McCullen v Coakley, When a qualified right trumped a fundamental right

Yesterday the Supreme Court issued its opinion in McCullen v Coakley, about a Massachusetts law that creates a 35 foot buffer zone around abortion clinics.  The Court unanimously struck down that law as an impermissible violation of one's speech rights.  Apparently in yesterday's decision, the Court left intact their finding in Hill v CO that Colorados's law that persons cannot "knowingly approach" a person without that person's consent within 100 feet of an abortion clinic to talk to the person, hand them a leaflet, display a sign, or engage in conversation or protest.  The issue seems to be the manner in which the MA law restricted speech.  The Court apparently believed that the persons whose free speech rights were being infringed upon were not "protesters" (who are allowed outside buffer zones) but, persons who are sidewalk "counselors" who  "seek to engage in personal, caring, consensual conversations with women about alternatives."  Egregiously the Court has privileged the zealots speech rights over one's fundamental right to privacy.

How is the Massachusetts law a restriction of speech?  It just restricts the place that speech can take place. There is no unqualified, unrestricted right to speech.  Through many cases, except this one, the Court has said that one's free speech rights is relational to the public welfare and public safety also.  Speech never was an absolute right.  The Court noted there was not enough evidence for the MA law. Huh?  Indeed, Massachusetts had passed the law to address not just the harassment and intimidation women face upon entering the clinics, but also outright violence as evidence by the shooting rampage at two clinics in 1994.  So the Massachusetts law restricts speech within a space roughly half the distance from a pitcher's mound and home plate, and only in that space.

This case is not about free speech being balanced against the autonomy of women.  What happened to a women's right to privacy, which the Court has said is a fundamental right?  I don't mean the privacy that underwrites the Roe v Wade case that grants a right to an abortion.  I mean more practical immediate privacy.  Planned Parenthood and other women's health clinics typically provide not just abortion services but mammograms and pap smears.  Does every women have to explain herself to the sidewalk "counselors" as she enters a clinic about what actual health services she is about to receive?  Or more likely, are the "counselors" simply going to assume that any and every woman walking into a clinic is going to get an abortion and therefore bestow their "counseling" on all entering women anyway.  What happened to the privacy rights of women granted in Griswold v CT of a woman to choose to discuss her health concerns only with her doctor and medical staff? Or to paraphrase former Justice Louis Brandeis, the right to be left the fuck alone?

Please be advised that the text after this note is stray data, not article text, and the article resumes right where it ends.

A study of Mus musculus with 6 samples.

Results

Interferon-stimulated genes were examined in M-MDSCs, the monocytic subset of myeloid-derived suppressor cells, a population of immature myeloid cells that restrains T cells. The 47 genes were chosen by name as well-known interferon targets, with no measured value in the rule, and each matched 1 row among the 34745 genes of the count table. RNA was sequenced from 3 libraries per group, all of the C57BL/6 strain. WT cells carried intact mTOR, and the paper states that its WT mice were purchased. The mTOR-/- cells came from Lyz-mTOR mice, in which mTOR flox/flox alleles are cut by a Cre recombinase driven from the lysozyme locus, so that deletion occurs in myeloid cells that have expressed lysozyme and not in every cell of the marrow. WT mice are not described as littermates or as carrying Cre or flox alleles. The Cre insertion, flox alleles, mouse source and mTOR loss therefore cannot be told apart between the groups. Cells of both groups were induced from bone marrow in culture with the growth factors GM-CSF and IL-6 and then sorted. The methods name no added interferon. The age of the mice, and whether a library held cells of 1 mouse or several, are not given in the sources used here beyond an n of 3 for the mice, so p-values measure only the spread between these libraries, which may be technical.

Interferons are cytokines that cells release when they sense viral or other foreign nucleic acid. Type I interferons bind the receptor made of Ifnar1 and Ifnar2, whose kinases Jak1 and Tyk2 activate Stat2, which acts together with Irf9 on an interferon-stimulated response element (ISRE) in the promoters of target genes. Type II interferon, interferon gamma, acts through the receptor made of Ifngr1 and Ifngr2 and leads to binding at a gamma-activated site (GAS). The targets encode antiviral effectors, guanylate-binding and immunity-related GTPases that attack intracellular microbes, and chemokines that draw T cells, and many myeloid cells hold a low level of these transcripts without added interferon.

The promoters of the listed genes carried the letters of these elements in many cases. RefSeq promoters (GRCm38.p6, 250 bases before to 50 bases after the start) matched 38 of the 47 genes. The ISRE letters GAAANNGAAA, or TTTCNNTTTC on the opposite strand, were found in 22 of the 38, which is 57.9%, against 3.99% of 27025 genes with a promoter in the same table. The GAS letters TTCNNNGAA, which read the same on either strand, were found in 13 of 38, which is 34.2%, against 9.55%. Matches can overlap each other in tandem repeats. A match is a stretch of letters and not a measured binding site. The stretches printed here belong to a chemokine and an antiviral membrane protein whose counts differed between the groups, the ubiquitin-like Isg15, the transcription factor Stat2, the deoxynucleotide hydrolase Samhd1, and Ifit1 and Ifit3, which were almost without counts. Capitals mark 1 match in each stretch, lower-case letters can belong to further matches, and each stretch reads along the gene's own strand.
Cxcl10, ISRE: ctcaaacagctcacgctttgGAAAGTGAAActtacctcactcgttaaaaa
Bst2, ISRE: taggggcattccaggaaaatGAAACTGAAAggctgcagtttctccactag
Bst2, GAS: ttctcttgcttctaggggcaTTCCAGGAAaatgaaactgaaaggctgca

The opinion really raises more questions than it answers.  When does "quiet conversation" cross the line into intimidation and harassment?  I don't have to raise my voice or swear to be intimidating.  Questioning/badgering/asking for moral justification of someone about their private life choices, even in the most "polite" way, can be intimidating and harassing.  Why does some religious zealot with no actual psychological or social work counseling get elevated to "counselor" who is entitled to offer their uninformed and unwanted ideological opinion to women?  And are such laws really neutral in application? How many "counselors" outside of these clinics are abortion supporters affirming the woman's right to choice?

So much for one's fundamental right to privacy.